Following the release of “North by Northwest” Alfred Hitchcock was struggling to make a change from the big budget, elegant thrillers he was known for to something shocking. Trouble is, nothing grabbed his attention. Novels sent over for his approval are dismissed as “sleeping pills with dust jackets,” until he picks up a down-and-dirty book by Robert Bloch called “Psycho.” It’s “low budget, horror claptrap,” says his wife Alma (Helen Mirren), but he’s determined to make it, even if he has to pay for it himself.

That’s the Hollywood portion of the movie, the part Hitchcock would have called “MacGuffin,” the story element that gets the rest of the plot in gear, but isn’t terribly important to the overall story.  The main thrust of the movie is Hitchcock’s quest to be relevant, to take risks, to be free—like he was before the fame—and the effect this has on his relationship with Alma.

Based on Stephen Robello’s book “Alfred Hitchcock and the Making of Psycho,” “Hitchcock” is a fast-paced and surprisingly touching marital drama peppered with lots of insider Hollywood legend.

We learn about Hitch’s troubled relationship with Vera Miles (Jessica Biel) who chose motherhood over the director’s offer to make her a star. We see his cordial relationship with Janet Leigh (Scarlett Johansson), who says, “Compared to Orson Welles, he’s a sweetheart,” and get an up-close look at familiar Hitchcock themes of voyeurism, sexual repression, betrayal, obsession and identity.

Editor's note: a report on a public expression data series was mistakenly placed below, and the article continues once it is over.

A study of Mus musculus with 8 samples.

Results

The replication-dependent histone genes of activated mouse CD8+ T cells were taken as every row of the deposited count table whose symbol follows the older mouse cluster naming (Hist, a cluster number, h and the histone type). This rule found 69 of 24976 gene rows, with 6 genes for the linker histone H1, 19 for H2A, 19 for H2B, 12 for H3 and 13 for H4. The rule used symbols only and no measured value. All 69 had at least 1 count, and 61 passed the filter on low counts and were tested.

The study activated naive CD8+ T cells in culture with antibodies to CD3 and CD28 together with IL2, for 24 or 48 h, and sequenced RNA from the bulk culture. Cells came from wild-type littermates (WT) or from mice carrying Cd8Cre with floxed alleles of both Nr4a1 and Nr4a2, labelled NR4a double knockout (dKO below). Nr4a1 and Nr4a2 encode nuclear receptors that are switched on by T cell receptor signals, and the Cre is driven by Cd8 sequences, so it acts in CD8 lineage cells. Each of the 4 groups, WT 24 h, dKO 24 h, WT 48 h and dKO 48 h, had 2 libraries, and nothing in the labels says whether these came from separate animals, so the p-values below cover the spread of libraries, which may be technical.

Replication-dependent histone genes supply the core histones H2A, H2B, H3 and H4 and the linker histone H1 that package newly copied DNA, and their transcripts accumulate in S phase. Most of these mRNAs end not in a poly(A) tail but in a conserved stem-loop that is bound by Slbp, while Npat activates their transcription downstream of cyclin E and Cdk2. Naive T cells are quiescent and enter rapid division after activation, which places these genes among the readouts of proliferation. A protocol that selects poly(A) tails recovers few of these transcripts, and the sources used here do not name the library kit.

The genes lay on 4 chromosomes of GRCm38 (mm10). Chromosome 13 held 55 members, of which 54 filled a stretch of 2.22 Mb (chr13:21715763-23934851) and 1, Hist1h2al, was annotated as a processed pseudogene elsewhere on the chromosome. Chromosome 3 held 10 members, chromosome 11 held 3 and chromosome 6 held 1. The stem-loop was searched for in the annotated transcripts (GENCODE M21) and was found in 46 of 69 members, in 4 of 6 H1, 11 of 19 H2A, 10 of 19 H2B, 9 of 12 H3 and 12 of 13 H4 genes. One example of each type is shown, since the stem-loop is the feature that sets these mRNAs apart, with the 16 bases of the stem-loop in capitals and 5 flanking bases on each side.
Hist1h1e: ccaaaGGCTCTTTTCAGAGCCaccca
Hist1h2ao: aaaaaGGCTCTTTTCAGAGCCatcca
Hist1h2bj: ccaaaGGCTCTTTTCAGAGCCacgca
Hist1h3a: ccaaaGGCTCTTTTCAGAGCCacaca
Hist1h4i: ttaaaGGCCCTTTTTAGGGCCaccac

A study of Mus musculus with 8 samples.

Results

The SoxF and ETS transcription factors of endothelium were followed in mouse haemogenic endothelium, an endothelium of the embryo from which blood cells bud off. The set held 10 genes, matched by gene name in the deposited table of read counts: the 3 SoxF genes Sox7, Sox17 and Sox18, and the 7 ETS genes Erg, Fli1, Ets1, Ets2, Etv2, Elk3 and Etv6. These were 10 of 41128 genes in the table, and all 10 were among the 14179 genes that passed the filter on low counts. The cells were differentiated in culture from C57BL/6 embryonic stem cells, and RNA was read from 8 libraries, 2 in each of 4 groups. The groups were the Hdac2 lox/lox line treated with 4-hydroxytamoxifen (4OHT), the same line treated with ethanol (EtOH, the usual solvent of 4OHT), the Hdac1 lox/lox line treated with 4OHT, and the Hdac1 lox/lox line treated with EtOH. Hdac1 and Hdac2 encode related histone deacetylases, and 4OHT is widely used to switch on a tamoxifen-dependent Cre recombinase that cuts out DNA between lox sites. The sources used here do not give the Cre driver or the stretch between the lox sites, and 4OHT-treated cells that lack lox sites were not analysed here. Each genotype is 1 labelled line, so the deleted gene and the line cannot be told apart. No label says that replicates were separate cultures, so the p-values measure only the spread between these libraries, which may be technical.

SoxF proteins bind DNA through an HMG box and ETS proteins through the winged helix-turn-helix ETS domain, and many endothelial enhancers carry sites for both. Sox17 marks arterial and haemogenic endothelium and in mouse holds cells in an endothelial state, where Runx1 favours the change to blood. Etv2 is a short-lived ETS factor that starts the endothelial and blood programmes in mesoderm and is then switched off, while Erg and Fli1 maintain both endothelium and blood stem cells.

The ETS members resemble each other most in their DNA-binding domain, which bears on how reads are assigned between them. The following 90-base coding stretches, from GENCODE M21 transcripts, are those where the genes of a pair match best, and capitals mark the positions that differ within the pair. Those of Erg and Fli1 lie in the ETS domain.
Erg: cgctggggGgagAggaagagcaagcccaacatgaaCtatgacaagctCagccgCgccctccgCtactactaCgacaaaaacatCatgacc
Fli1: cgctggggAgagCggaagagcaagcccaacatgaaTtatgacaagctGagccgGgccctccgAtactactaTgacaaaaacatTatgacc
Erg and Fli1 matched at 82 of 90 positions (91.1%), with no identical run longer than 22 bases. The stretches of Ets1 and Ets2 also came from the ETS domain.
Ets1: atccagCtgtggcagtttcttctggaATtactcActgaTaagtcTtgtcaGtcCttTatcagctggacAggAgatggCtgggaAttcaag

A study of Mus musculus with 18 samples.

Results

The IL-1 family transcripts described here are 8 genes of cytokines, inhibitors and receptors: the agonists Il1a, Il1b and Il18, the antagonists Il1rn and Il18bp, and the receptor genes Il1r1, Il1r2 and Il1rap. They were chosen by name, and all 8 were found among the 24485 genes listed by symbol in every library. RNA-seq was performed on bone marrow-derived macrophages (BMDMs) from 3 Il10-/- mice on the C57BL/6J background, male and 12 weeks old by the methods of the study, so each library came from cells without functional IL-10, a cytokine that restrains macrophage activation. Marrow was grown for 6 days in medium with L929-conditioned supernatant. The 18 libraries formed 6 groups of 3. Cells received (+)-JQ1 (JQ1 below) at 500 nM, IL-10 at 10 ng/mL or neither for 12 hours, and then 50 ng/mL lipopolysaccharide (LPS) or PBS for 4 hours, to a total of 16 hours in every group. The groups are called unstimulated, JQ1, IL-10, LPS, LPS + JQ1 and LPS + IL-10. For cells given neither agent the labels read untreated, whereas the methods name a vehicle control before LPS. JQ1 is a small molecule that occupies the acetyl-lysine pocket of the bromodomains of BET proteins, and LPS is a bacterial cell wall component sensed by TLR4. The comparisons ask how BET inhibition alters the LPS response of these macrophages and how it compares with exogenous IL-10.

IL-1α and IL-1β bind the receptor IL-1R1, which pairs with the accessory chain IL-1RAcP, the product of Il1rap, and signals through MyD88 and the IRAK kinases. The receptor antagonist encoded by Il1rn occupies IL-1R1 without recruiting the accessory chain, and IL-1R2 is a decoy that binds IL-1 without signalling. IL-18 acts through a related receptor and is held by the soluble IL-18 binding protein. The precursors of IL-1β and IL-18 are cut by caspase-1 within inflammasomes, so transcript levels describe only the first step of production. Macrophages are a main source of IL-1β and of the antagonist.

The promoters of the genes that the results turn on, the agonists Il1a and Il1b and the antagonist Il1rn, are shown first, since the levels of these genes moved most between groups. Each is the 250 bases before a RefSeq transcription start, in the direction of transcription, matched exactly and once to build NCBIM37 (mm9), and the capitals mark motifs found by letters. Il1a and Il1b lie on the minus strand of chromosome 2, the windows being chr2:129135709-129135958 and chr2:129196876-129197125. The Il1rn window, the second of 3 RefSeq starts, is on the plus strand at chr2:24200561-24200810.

What is unexpected is the depth of the relationship between Hitch and Alma. She is seen her in a professional capacity as an assistant director, screenwriter and editor, but it is as muse, lifeblood and lone redhead in the sea of blondes that so bewitched Hitch, which is the most important part of the story.

The role of Alma is underwritten, but Mirren brings it to vibrant life, creating a character that is not supplemental to Hitchcock’s success, but the very reason for it.

It is Hopkins, however, who has the most fun here. There’s a playfulness in the performance from the fourth wall breaking narration that opens and closes to the movie to the little ballet he does as he listens to the opening night audience shriek and scream to the infamous shower scene.

Hopkins doesn’t exactly look like Hitchcock but gets the essence in a buoyant performance that betrays the fun the actor must have had creating it. He has the movie’s best lines—“I only wish (“Psycho” inspiration) Ed Gein looked more like William Holden and less like Elmer Fudd,” he says to reporters.”—but also provides many subtle shadings of the sadness Hitchcock carried with him. It is a performance that ironically could earn the Oscar that was denied to the director during his lifetime.

“Hitchcock” is a stylish film that pays homage to not only “Psycho,” but to Hitchcock’s other films, most notably the umbrella scene in Foreign Correspondent, but is also a tribute to one of the great film partnerships in Hollywood history.